Tennis: Novotna displays class on grass


The 29-year-old Novotna, twice a Wimbledon runner-up, believes her previous experience in the closing stages of the world's top tournament will be of crucial importance over the next fortnight: "Wimbledon is wide open this year and knowledge of the conditions will play a major role," she said after collecting her winner's cheque for pounds 48,000, and a kiss on both cheeks from Sir Cliff Richard.

"You have to get to the last stages of Wimbledon a few times before you are ready to win it," Novotna added. In which case she is thoroughly qualified - twice a finalist, once a semi-finalist and four times in the quarter- finals.

As the outstanding, perhaps the only, serve-and-volley player of high quality in the women's game there is no reason why Novotna should not conquer Wimbledon. The barricade in the past has been largely self-erected by her tendency to fall apart at crucial moments or, as detractors would have it, to choke.

"It is important to gain your confidence in the tournament before Wimbledon and I am glad I have been able to do that," Novotna said. "But Wimbledon is a different story. There is a long way to go and many good players to challenge. But there is no pressure on me whatsoever after my two finals there and I have waited long enough for my chance.

"When I got to the final in 1993 it was a whole new experience for me but when I played my second final last year I was well prepared. Unfortunately, I strained a stomach muscle in the semi-finals."

Novotna played well all week at Eastbourne and did not drop a set in four matches. She rarely faltered against Sanchez, who had thrashed her 6-1 6-1 when they last met at Key Biscayne in March. The Spaniard, fresh from her victory at the French Open, ran with utter determination and retrieved doggedly as ever, despite needing treatment at the end of the opening set for a muscle strain in the right thigh. Sanchez said later that she had pulled a muscle playing on Friday and that it had begun to bother her again yesterday. "But I think it will get better for Wimbledon," she said.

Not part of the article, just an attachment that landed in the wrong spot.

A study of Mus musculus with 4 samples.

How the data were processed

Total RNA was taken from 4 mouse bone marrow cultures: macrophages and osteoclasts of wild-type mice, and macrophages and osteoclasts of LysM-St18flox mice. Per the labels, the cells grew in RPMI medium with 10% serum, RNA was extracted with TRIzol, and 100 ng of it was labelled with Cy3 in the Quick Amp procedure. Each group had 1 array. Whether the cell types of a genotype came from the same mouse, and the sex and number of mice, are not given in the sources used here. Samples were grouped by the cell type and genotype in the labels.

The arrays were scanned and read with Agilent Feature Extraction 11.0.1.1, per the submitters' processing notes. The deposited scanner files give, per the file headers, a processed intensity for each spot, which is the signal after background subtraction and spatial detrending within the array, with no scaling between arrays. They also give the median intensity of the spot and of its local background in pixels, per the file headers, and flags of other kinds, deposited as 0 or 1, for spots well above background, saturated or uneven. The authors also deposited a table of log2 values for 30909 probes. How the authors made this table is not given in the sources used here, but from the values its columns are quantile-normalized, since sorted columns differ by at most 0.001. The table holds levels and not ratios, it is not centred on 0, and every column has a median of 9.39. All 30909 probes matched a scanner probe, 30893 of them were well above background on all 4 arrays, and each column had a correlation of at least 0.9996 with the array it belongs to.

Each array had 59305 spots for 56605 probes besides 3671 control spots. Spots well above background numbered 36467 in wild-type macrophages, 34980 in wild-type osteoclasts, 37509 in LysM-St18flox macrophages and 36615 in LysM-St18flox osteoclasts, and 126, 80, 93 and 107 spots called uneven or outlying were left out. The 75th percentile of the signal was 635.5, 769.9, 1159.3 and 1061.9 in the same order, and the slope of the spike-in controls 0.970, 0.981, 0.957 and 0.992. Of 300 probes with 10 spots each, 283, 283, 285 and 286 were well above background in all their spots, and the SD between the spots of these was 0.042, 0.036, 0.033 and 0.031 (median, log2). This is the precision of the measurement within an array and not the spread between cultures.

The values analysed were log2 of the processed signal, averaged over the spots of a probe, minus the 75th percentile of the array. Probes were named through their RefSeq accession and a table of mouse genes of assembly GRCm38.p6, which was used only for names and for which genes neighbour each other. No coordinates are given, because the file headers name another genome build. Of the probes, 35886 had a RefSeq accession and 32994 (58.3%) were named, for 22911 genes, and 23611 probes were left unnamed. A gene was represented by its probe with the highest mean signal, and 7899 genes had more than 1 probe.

Novotna was generally in command in front of a sell-out crowd on an afternoon of such heat and humidity that an early attempt to start a Mexican Wave fizzled out ignominiously. With Sanchez unable to find either length or rhythm, Novotna surged into a 4-0 lead, sweeping up the first set in 28 minutes by capturing the Spanish serve for a third time.

Sporting a huge bandage on her right leg, Sanchez might have been expected to concede the second set and turn her mind towards Wimbledon. But that is not her way. She jumped into a 2-0 lead and Novotna was not able to break back again until the sixth game when a double-fault cost Sanchez her serve.

This was the knife-edge stage of the match, with both women berating themselves for errors and whooping with joy when the winners came. The seventh game of the second set was the longest of the match and Sanchez took it on her sixth break point. But serving for a 5-3 lead proved beyond her.

By now she was flexing her leg gingerly and unable to keep Novotna away from the net, where her punishing volleys caused maximum damage. Trying to take the second set into a tie-break proved too much for her, too. Novotna moved to match point when a Sanchez forehand struck the net tape and on the next point Sanchez's backhand sailed over the baseline to give the Czech victory in 1 hr 26 min.

After accepting the trophy, Novotna recalled that she had played many times previously in this tournament. "I am like old wine, the older the better," she said. That one went down well in a resort where the wheelchairs and Zimmer frames proliferate.